The hard, central part of the trunk of a tree, consisting of the old and matured wood, and usually differing in color from the outer layers. It is technically known as duramen, and distinguished from the softer sapwood or alburnum.
Heartwood refers to the inner layer of a wood stem wholly composed of non-living cells. It is usually differentiated from the outer enveloping layer (sapwood) by its darker colour, and is more decay resistant than sapwood.
The inner core of a woody stem, where the cells no longer participate in the life processes of the tree. Usually contains extractive materials that give it a darker color and greater decay resistance than the outer enveloping layer (sapwood).
The inner of two distinct wood layers in the trunk of many trees. The outer layer, usually lighter and moister, called sapwood, is newly formed wood with some living cells. Inside this ring of sapwood is often a darker, harder, more durable core called heartwood. A striking example of heartwood and sapwood difference is found in Dalbergia melanoxylon, which has light brown sapwood and purple black heartwood; it is often used for craft carving. The wood in the centre of a tree, no longer in use for conducting water from the roots to the leaves. It is often darker in colour than the outer wood (sapwood) and may contain chemicals that make it more resistant to decay.
Heartwood is the xylem in the center of the tree that has stopped conducting water and minerals and is storing waste products from the plant. These waste products are of various types. In redwood trees these materials causes the heartwood to turn red. These products help to preserve the wood, particularly in redwoods. Heartwood can be contrasted with Sapwood, particularly in redwoods, because the heartwood is red and the sapwood is white. The sapwood is the portion of the xylem that is conducting water and minerals and hasn't started storing waste products. DIAGRAMS: Heartwood / Heartwood PHOTOS
In a cross section of a log, the heartwood is the centre and dead portion where growth rings appear. This area, between the pith and sapwood may contain phenolic compounds, gums, resins and other material that usually make it darker and more decay resistant than sapwood.
The older, harder wood in the middle of a tree trunk that can no longer transport water up to the leaves. This wood is often saturated with decay-protecting chemicals that also make it a different color from the outer wood. [KR
The wood extending from the true centre to the sapwood, and whose cells no longer participate in the life processes of the tree. Heartwood may contain gums, resins, and other materials that usually make it darker and more decay resistant than sapwood.
This term refers to the wood that surrounds the very center of the tree, called the pith, and which extends out to the living and growing wood on the outside of the tree called the sapwood. This wood is not alive and does not conduct water and nutrients; that function is performed by the sapwood. Heartwood is usually darker in color than is the sapwood.
the older, harder, nonliving central wood of a tree that has ceased to conduct sap and serves the sole function of support; heartwood is created as the sapwood moves farther away from the active growth region of the tree and dies; it usually is darker, denser, less permeable, and more durable than the surrounding sapwood.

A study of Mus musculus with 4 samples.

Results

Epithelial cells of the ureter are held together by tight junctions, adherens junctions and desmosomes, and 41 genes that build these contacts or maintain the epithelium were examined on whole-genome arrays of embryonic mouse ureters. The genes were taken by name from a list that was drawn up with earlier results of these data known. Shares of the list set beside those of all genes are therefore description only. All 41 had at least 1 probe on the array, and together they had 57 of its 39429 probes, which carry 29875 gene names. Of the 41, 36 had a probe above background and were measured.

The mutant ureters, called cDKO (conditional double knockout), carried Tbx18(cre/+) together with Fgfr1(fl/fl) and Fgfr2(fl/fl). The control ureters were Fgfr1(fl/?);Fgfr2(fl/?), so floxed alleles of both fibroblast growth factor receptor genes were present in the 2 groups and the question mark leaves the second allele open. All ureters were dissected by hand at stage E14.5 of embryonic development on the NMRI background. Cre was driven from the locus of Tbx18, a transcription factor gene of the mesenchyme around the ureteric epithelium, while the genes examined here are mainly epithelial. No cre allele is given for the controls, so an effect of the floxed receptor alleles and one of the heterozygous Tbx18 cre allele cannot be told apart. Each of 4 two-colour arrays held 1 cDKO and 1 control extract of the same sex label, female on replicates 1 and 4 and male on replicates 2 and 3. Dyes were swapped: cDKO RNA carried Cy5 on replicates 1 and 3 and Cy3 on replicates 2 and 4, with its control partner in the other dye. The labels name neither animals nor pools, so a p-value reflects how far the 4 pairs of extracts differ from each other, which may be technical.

The inner core of a tree trunk or stem that no longer conducts sap. Heartwood is not alive, but it does serve as a skeletal support for the living tree. Sometimes heartwood is decay and/or insect resistant.
This is the fully developed mature section in the centre of the tree. Due to the gum or resin contained in the wood cells it is usually darker in colour than sapwood. Its main function is to support the tree as it is inactive (ceased growing).
The portion of the tree contained within the sapwood; this term is sometimes used to mean the pith. The heartwood is dormant and unnecessary for the trees growth, but important to its stability. The living part of the tree is in its outer parts.
Wood toward the center of a stem or root that has become physiologically inactive. Heartwood is often darker than sapwood and often more resistant to decay. It no longer functions for the transport of water and nutrients, but may be a site for storage.
the older, harder, nonliving central portion of wood of some trees that is usually darker, denser, less permeable, and more durable than the surrounding sapwood; many trees do not form a true heartwood
The wood making up the centre part of the tree, beneath the sapwood. Cells of heartwood no longer participate in the life processes of the tree. Heartwood may contain phenolic compounds, gums, resins, and other materials that usually make it darker and more decay resistant than sapwood
The dense and often dark-coloured wood that lies in the inner part of the trunk or branch that is devoid of living cells. Toxic waste materials are usually deposited in the heartwood giving it durable qualities.
Heartwood is the older, harder central portion of the tree. It usually contains deposits of various materials that frequently give it a darker color than sapwood. It is denser, less permeable and more durable than the surrounding sapwood.
The wood of a tree that reaches from the pith (the soft core or center) to the sapwood (where cells have hardened). This wood may contain phenoloic compounds, gums, resins, etc. making it darker and more decay resistant. Redwood is an example of a wood that is used specifically for its durable qualities.